The governor and Legislature are not on the same page.
The governor and Legislature are not on the same page.

Arthur C. Clarke’s sci-fi novel “2001: A Space Odyssey” features an obsidian monolith, a single unified entity that brings change in its wake. The word “monolith” has been overused in Kansas lately, especially related to Gov. Sam Brownback’s takeover of state government since 2010.

We recently saw the first cracks in monolithic government, and that news promises a significantly different legislative session than expected.

With conservative supermajorities in both chambers, most expected the Legislature to be at Brownback’s beck and call. The governor and his allies rallied an incredible resource base around those selfsame conservative champions to elect them and may have expected monolithic loyalty.

But the governor and Legislature are clearly not on the same page, and his recent remarks show that potentially deep divisions are about to emerge within the state.

Speaking to the Greater Topeka Chamber of Commerce (the local extension of the entity that backed the conservative takeover of the Legislature), Brownback opined that the tax-revision-driven budget shortfall that fueled Democrat Paul Davis’ near upset election last year was not his fault, but the Legislature’s.

Considering Brownback had enthusiastically called the tax plan a “shot of adrenaline to the heart” of the Kansas economy, the fact he chose to place blame on the Legislature for something he had been touting as a success was shocking. When anti-tax activist Grover Norquist called Brownback’s reversal “detrimental,” the shock was magnified.

More important, though, is it tells us there is no monolith.

Brownback may feel double-crossed by the Legislature. Knowing he had a re-election fight ahead of him, in 2013 Brownback asked the Legislature to extend a sales tax that was scheduled to sunset. Brownback was thinking revenues and re-election. The Legislature thought extending the tax looked like the tax increases they had sworn to forsake to interest groups like Norquist’s Americans for Tax Reform that shoved “no-tax” pledges into their hands during campaign season.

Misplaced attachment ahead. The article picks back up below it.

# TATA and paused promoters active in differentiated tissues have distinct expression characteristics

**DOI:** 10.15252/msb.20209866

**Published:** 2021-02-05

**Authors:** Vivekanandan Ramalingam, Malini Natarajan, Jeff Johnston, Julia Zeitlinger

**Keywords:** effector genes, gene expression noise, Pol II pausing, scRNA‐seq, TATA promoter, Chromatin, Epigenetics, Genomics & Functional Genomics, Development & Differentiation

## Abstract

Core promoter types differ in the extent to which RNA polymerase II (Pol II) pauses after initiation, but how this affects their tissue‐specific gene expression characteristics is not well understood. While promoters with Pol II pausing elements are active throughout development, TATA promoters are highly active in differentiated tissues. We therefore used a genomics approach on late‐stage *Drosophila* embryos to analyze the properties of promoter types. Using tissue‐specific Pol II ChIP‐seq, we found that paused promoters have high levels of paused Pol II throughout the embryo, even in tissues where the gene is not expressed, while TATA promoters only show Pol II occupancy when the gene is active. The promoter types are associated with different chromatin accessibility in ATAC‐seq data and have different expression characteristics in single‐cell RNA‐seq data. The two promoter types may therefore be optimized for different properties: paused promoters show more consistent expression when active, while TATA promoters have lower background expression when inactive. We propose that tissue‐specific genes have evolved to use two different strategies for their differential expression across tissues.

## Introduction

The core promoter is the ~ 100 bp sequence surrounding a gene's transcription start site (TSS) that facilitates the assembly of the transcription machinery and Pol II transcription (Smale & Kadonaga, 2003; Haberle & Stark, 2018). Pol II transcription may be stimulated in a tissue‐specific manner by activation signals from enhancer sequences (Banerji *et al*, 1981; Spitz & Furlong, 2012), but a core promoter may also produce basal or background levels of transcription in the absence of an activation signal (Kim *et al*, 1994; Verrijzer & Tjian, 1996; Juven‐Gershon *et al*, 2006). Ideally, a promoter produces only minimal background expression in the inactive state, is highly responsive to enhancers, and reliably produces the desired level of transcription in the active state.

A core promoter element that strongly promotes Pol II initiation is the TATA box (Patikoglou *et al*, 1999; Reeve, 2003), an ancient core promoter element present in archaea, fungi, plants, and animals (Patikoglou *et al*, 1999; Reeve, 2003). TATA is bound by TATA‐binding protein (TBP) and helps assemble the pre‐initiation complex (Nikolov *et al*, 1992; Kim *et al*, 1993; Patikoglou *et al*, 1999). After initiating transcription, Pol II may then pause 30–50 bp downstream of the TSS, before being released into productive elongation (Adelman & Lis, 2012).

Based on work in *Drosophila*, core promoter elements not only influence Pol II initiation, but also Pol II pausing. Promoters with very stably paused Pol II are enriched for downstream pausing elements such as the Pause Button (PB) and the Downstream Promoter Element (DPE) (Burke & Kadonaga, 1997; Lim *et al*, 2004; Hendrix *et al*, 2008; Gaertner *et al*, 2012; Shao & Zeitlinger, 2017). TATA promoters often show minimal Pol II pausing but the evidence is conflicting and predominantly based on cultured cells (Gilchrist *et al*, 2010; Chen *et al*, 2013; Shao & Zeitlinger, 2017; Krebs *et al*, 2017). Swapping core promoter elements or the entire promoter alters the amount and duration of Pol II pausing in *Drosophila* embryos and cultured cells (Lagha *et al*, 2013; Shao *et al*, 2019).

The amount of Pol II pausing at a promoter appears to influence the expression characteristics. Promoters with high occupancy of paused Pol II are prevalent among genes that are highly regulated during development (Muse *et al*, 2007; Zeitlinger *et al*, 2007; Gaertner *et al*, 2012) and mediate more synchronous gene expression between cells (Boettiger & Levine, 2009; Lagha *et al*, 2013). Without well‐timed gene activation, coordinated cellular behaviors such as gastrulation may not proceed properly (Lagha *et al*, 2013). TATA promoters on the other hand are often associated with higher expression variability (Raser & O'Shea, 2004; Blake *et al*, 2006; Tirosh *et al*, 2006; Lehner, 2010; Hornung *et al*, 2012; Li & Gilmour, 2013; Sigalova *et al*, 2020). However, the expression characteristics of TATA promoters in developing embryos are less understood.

If Brownback had monolithic support, he simply would have reminded his legislative minions of the fealty they owed him from their resounding campaign victories and extended the tax with minimal stress. Reality did not bear that assumption out. The Legislature, embodied by statements by House Speaker Ray Merrick, R-Stilwell, that the state’s real problem was not revenue but spending, took significant lobbying before extending part of the tax.

We can expect a similar outcome this year, especially now that Brownback has publicly shown division from the Legislature with massive tax increases, especially on cigarettes and alcohol.

The governor may feel pressure to fund schools, but the Legislature will have other ideas. Some legislators will line up behind the governor, but a number of Republicans will not. Thus we will see an interesting new development: the resurgence of factions in the Legislature.

The monolith may bring change, but our Legislature and governor are anything but monolithic. The Legislature may even decide to make some decisions that Brownback will not like at all.

Factions may align on abortion, for instance, but split apart on “sin taxes,” open firearms carry, or the response to the Kansas Supreme Court’s school funding decision. After all, that is their prerogative, and we should not automatically expect that the governor will get everything he wants out of the 2015 session.

Chapman Rackaway is a professor of political science at Fort Hays State University.